Boris Johnson has been accused of ignoring a senior official’s plan to prepare Britain for the emergence of vaccine-resistant Covid variants, the Observer can reveal.
With the government announcing on Saturday that the first UK cases of the Omicron variant had been detected, the former head of the government’s vaccine taskforce said he could see no evidence that his blueprint for tackling the most worrying variants – submitted in the spring – had been acted upon.
In an interview with the Observer, Clive Dix, a leading figure in drug development who chaired the taskforce until April, said that he believed the UK was no longer “on the front foot” in tackling the pandemic. “I wrote a very specific proposal on what we should put in place right now for the emergence of any new virus that escaped the vaccine,” he said. “That was written and handed into the [vaccine taskforce] at the end of April when I left. I haven’t seen a sign of any of those activities yet.
“I sent a note to No 10 [in May] saying I think this is still an emergency and it should be dealt with urgently – and I want it on public record that you’ve got my proposal. But I didn’t even get a response to that. I prodded the government and said, ‘What’s going on, because we need to do this’. I don’t see any of that going on.”
He added: “I think it’s time to ask the vaccine taskforce and the government, what is your plan for an escape variant? What is your plan for resilience for the future? Let’s see it because I think the country needs to know.”
His criticisms echoed those of Kate Bingham, the first chair of the vaccine taskforce, who warned in a speech last week: “Had we relied on the existing machinery of government, the outcome [of the vaccine programme] could have been very different.” Dominic Cummings, the prime minister’s former chief adviser, has also called on the government to publish its plans for tackling vaccine-resistant Covid variants.
Under Dix’s strategy, a coordinating team would seek out new vaccines, give the company involved a “fast track” to a swift trial, access to the data and regulatory approval, in return for early access to new vaccines. He said this system worked at the start of the pandemic and should be repeated.
He warned that by simply waiting to buy vaccines once they had been developed, Britain would find itself at the back of the queue because bigger customers would be prioritised. “If we leave it to the industry to do, they’re going to go to the highest bidder, and the UK won’t be at the front of that queue any more, because it’s not a big market. Whereas if you act as a partner, you get things done. It’s not rocket science, and the infrastructure is there.”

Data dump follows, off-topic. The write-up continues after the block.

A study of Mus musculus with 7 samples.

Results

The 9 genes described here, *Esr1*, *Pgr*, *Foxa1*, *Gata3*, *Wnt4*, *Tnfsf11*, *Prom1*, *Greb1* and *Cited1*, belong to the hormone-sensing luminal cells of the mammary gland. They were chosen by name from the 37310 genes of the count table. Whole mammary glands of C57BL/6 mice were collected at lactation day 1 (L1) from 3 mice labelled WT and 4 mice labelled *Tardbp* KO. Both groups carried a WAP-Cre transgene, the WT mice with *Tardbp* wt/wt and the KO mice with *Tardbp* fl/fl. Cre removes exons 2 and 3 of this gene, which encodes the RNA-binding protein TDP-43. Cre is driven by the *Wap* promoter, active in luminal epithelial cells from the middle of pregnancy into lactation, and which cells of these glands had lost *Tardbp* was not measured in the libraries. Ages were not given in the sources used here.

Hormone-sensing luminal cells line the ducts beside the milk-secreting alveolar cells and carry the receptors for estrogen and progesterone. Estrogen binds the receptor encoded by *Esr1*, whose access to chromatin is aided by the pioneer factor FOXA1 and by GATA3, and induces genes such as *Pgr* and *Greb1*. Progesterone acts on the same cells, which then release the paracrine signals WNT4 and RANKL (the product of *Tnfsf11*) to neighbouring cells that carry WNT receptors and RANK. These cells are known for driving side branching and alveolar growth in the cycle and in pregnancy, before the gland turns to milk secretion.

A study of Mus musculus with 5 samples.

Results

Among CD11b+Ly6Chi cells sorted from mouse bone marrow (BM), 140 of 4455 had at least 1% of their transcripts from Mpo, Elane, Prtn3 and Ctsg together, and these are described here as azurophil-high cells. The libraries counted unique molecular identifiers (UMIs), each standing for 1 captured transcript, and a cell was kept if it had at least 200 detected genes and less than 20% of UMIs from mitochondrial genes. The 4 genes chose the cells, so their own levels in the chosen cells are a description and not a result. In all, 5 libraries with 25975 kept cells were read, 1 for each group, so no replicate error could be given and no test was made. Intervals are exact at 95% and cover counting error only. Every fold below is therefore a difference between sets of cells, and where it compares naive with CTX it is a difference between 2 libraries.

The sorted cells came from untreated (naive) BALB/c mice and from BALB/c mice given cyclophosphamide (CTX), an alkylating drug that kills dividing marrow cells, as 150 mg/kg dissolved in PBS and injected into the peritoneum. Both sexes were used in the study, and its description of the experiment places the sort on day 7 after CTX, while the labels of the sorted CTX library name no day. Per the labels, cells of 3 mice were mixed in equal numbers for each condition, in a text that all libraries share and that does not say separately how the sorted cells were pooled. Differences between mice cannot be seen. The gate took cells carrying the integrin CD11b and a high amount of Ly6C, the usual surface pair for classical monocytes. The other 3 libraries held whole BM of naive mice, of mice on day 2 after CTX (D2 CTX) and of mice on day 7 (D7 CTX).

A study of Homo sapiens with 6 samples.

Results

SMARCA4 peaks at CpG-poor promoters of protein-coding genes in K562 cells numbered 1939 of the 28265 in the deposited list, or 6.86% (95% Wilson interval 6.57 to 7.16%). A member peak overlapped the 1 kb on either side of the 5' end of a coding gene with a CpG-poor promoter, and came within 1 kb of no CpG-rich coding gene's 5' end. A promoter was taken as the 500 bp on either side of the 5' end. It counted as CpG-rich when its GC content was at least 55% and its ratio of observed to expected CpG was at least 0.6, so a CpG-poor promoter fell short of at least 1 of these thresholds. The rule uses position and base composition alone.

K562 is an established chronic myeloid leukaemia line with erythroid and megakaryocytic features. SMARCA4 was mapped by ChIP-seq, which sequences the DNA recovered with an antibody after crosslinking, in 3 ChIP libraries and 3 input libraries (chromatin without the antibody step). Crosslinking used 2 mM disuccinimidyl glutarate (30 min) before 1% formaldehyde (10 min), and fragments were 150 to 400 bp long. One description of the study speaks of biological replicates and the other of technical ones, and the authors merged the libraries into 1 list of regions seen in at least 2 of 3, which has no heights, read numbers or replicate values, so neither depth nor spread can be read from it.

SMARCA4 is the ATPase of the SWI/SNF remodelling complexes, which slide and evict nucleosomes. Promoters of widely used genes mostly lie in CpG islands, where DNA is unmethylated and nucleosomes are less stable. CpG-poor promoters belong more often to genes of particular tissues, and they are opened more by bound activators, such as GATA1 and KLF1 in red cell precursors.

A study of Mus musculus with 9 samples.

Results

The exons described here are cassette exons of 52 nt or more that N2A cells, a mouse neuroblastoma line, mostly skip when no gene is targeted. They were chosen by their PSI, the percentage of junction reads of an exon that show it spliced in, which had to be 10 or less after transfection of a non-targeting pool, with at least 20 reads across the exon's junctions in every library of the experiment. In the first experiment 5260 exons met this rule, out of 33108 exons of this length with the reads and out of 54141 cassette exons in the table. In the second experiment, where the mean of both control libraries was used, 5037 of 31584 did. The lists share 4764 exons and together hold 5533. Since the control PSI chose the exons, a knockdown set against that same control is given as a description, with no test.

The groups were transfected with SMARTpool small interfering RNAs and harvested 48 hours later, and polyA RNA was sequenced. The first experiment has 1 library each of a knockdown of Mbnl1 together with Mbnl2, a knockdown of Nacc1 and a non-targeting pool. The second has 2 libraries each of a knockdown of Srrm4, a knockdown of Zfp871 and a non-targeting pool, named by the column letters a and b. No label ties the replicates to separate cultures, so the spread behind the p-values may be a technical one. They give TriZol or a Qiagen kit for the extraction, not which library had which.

He said that he had envisaged the French company Valneva as a key part of this process. However, he said the government’s “ridiculous” decision to scrap its existing contract with the company had damaged that approach.
While he said that the Omicron variant now detected in the UK was likely to be more resistant to current vaccines, he was hopeful that it would not necessarily lead to increased serious illness and death. “The current variant that’s coming is a beast,” he said. “It’s got a lot of mutations in it and the likelihood is that the antibodies that we’ve already generated from the vaccines will be less effective. They’re less effective against the Delta variant in terms of stopping people getting infected, but they are effective in stopping people getting seriously ill or dying.
“I think that will maintain with the South African variant. The reason they stop people getting seriously ill and dying is not the antibody response. It’s the longer-term cellular immune response. And it’s pretty obvious now that that’s what is keeping people out of hospital and keeping people from dying. So I’m pretty sure that response won’t wane.”
A government spokesperson said: “This past year we’ve witnessed unprecedented scientific innovations and breakthroughs, made possible by collaboration between medical experts, governments and industry.
“Earlier this year, we joined the 100 Days Mission, which will ensure industry is part of a robust collaboration alongside governments, international organisations and academia over the coming months and years to take action towards a common goal: protecting people from future pandemics through developing and deploying safe, targeted and effective diagnostics, therapeutics and vaccines at scale.”